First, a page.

Friday, September 19, 2014

What was Ukraine made of and why is it falling apart

Published on Sep 14, 2014

Ukraine is actually where Russia started about 1100 years ago, and Kiev was Russia’s first capital (hence the name, Kievan Rus).

However, about 300 years after that, the Mongol invasion, and later pressure from the south and east, shifted the center of the Russian culture north, to Novgorod and later Moscow.

Thereafter, and for most of the middle ages, Ukraine became a mess of small towns and lawless steppes being raided and fought over by Muslims to the South, Catholic Europeans (mostly Lithuanians, Poles, and Austrians) in the West, and Orthodox Christian Russians in the North. Russians won Ukraine back roughly 350 years ago, but the struggle never really stopped.

Here is a brief and incomplete list of foreign powers that have fought Russia for the lands of modern Ukraine:

Lithuania (5 wars 1492-1537)
Turkey (7 wars 1568-1792)
Poland (9 wars 1605-1939)
Sweden (1 war 1700-1721)
Austria (3 wars 1733-1918)
France (3 wars 1812-1918)
Britain (2 wars 1853 -1918)
Germany (3 wars 1914-1945)
Romania (2 wars 1918-1945)

In these wars the locals, few in number, tended to take the Russian side because they were culturally and, more importantly, religiously affiliated with Russia.

However, Poles, Austrians, Germans (and now US and EU) have all worked to change that by supporting cultural/religious conversion, or at least independent Ukrainian identity (preferably anti-Russian). These efforts finally bore fruit when Central Ukraine briefly sided with Austrians during the 1918 civil war (although the southern and eastern Ukraine formed Soviet Republics).

When Bolsheviks reunited the area, they have attached a lot of formerly Russian lands to the newly formed Ukrainian Soviet Socialist Republic, to counterbalance rural West Ukraine with some industry and Eastern proletariat.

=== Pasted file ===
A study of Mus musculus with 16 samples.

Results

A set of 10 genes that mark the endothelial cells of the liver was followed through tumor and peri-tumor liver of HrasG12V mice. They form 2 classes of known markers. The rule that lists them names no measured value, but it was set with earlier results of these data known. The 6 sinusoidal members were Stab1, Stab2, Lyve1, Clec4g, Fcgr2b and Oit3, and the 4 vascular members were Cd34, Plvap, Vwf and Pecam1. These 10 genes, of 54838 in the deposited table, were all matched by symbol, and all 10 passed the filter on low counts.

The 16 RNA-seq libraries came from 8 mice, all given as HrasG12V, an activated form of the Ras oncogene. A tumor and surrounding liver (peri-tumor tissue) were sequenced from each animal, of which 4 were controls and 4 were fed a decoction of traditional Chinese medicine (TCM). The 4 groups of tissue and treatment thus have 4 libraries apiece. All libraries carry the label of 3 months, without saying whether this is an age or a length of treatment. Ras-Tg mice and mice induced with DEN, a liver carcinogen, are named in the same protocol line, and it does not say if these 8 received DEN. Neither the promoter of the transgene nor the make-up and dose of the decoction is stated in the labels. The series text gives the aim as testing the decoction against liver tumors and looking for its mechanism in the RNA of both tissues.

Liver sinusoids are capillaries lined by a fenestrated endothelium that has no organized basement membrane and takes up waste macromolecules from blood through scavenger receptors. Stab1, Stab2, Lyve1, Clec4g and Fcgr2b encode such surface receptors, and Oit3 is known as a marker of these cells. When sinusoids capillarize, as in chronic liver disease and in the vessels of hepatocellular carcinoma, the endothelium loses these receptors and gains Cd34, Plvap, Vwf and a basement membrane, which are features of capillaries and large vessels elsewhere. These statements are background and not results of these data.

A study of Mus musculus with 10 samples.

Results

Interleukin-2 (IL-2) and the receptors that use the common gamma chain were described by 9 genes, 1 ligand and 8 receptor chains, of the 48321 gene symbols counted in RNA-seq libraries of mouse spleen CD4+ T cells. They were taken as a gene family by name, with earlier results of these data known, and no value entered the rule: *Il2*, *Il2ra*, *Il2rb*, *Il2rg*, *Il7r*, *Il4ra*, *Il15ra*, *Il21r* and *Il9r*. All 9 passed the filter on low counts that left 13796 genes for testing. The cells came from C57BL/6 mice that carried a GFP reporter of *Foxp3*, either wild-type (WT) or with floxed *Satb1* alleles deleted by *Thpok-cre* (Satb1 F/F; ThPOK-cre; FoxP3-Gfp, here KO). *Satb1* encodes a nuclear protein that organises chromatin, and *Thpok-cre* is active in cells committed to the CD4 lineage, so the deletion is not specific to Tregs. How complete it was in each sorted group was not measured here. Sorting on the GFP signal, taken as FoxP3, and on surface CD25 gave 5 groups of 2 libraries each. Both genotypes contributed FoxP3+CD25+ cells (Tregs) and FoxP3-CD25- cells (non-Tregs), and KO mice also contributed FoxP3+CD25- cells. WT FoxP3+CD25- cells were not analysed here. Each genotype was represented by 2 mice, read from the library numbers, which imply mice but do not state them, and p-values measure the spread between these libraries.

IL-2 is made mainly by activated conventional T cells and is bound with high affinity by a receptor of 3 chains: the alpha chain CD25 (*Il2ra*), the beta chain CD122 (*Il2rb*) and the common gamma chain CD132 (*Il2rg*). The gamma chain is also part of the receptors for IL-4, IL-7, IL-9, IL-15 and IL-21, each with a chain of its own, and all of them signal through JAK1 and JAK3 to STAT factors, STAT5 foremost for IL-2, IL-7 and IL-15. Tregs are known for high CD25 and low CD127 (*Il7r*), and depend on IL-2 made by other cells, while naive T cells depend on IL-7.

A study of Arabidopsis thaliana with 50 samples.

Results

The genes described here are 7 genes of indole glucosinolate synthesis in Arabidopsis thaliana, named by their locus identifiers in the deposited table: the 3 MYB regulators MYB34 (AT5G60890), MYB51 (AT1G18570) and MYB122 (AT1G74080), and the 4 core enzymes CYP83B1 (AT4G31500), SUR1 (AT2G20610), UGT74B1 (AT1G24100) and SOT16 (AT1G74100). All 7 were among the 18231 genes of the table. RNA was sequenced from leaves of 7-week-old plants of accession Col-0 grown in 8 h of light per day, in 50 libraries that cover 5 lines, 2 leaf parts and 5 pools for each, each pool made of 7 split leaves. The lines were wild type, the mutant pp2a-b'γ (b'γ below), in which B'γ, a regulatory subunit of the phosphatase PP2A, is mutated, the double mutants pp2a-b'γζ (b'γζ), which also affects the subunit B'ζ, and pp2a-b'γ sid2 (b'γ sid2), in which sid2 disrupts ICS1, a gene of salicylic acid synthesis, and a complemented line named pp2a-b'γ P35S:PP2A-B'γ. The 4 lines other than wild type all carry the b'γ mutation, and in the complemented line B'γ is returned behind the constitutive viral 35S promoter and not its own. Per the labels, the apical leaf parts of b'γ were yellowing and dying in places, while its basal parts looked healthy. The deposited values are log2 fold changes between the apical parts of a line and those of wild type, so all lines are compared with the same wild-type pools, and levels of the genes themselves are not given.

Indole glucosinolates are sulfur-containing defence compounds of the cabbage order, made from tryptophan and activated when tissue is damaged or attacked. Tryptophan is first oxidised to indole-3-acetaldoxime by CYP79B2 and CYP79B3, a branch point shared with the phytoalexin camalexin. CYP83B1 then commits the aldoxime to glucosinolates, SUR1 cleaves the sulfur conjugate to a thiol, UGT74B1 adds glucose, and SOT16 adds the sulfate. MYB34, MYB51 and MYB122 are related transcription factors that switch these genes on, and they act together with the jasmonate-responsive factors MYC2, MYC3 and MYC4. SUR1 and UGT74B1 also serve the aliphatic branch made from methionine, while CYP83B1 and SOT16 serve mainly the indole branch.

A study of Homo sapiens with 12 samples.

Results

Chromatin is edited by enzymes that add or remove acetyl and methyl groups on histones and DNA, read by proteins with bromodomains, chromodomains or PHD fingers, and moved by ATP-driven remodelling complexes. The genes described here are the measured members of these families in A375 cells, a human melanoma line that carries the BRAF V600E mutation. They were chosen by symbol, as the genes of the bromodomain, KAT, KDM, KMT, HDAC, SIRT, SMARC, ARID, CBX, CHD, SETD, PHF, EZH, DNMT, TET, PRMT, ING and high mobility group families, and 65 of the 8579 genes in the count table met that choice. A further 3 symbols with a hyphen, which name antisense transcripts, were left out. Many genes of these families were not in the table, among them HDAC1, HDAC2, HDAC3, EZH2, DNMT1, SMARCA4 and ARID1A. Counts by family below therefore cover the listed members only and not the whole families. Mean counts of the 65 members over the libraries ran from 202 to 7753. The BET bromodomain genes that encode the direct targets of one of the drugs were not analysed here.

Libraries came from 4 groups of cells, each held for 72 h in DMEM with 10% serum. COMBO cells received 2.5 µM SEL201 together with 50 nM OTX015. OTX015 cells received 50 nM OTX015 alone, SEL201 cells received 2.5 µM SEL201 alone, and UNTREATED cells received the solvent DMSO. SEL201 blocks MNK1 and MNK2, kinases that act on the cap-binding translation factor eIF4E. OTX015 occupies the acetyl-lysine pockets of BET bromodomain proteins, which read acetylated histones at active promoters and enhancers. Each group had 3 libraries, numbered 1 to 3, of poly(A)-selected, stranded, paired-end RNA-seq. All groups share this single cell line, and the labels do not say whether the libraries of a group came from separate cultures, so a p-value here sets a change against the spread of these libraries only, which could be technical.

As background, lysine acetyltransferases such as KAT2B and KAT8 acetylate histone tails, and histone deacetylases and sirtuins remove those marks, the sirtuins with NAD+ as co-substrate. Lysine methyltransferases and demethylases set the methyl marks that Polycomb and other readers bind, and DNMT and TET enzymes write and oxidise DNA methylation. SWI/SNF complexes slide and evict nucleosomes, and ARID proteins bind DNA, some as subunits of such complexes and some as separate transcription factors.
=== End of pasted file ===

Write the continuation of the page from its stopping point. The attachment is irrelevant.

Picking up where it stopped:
As a result of WWII, West Ukraine was attached to Ukrainian SSR as well. These lands have not been part of Russia since the Mongol invasion in the 13th century, and due to their Polish/Austrian/German masters spending the past 700 years nurturing Russophobia, were very anti-Russian.

Finally, in 1954, Crimea was handed to Ukraine for no actual reason - it was never even part of the Kievan Rus, much less Ukraine, and settled by ethnic Russians.

So, in the end, we have one side of the country extremely Russophobic (most recent Western funding for nationalism came in the form of approximately $15 bn from US State Dept and Soros), and the other side essentially settled by ethnic Russians who were arbitrarily thrown in there by USSR.

What followed was a tug-of-war between two halves of the country, ending in Westerners deposing a democratically elected Eastern president in an armed coup, and ensuing civil war.

... As we can see, the history is a little more complex than "eebil Putin" narrative you would see on CNN ;).

PS. Oh, and before the Holodomor trolls run all over this history video - saying Russia oppressed Ukraine because of 1932 famine is like saying USA oppressed Texas because of the Dust Bowl.

Incidentally, Dust Bowl and the Great Depression (as well as famines in the Volga region, Central Asia, and India) were largely caused by the same factors as the Ukrainian famine, although US had more resources and competence to handle the Dust Bowl than the newly formed Soviet state did.

While we're on the subject, it's also worth noting that Texas has only been a part of the US about half as long as Ukraine was part of Russia, and that Texas secession from Mexico is quite similar to Novorossiya's secession, although less justified.